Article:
Due to increased interconnection and smart automation, the Fourth Industrial Revolution, also known as Industry 4.0, conceptualizes fast change in technology, industries, and social patterns and processes in the twenty-first century. The word has been frequently used in scientific literature, and Klaus Schwab, the World Economic Forum’s Founder and Executive Chairman, popularized it in 2015. According to Schwab, the changes are more than merely efficiency gains; they represent a profound transition in industrial capitalism.
Through continuous automation of old manufacturing and industrial methods, the use of current smart technologies, large-scale machine-to-machine communication (M2M), and the internet of things (IoT), major alterations are taking place in how the global production and supply network runs, according to Wikipedia. Increased automation, improved communication and self-monitoring, and the usage of smart technologies that can evaluate and diagnose issues without the need for human interaction are all benefits of this integration.
AMS uses smart technologies and is constantly on the lookout for trends affecting the metal industry to better serve our customers. In fact, just last year we added two new Haas machines to increase our production capacity and they can be programmed to be self-automated.
If you take a look at how far the industry has come, it’s quite amazing. Its impact is profound – not just on society as a whole, but economically as well.
The utilization of steam and water power heralded the move from hand to machine manufacturing during the First Industrial Revolution. It took a long time for new technology to be implemented in the era between 1760 and 1840 in Europe and the United States. Its impacts were felt in the textile sector, which was the first to embrace such reforms, as well as the iron industry, agriculture, and mining, as well as societal repercussions such as a growing middle class.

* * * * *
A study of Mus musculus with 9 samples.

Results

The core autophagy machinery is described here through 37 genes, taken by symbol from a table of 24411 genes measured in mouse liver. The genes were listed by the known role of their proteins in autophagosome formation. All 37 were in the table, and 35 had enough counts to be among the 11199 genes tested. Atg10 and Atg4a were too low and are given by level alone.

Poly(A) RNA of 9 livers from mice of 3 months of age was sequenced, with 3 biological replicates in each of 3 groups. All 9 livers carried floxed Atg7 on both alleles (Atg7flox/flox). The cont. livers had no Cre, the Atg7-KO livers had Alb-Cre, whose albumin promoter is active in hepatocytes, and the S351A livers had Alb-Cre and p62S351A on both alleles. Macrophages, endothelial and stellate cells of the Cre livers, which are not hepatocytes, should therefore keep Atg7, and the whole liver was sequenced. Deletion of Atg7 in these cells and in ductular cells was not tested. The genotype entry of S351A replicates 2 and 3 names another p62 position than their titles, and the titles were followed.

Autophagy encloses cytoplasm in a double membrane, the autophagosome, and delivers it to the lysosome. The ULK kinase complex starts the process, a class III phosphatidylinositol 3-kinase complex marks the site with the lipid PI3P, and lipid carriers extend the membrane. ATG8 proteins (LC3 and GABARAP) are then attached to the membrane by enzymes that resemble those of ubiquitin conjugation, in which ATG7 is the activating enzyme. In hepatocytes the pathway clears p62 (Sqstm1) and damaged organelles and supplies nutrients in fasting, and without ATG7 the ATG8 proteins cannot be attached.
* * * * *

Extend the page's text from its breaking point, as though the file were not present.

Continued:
The Second Industrial Revolution, also known as the Technological Revolution, spanned the years 1871 to 1914 and was triggered by the construction of the vast railroad and telegraph networks, which allowed for quicker movement of people and ideas, as well as the introduction of electricity. As factories became more electrified, they were able to construct the modern production line. It was a time of rapid economic expansion and increased productivity, but it was also a time of high unemployment as many manufacturing employees were replaced by machines.
After the end of the two world wars, the Third Industrial Revolution, (aka the Digital Revolution), began in the late twentieth century, resulting from a slowdown in industrialization and technical progress compared to prior times. A decade later, the Z1 computer marked the start of more advanced digital innovations. The supercomputer was the next big advancement in communication technology, and with the widespread use of computer and communication technologies in the manufacturing process, equipment began to replace the need for human power.
The Fourth Industrial Revolution (aka the Imagination Age), started around 2015 and is characterized by a tendency toward automation and data sharing in manufacturing technologies and processes, including cyber-physical systems (CPS), the Internet of Things (IoT), cloud computing, artificial intelligence, and cognitive computing.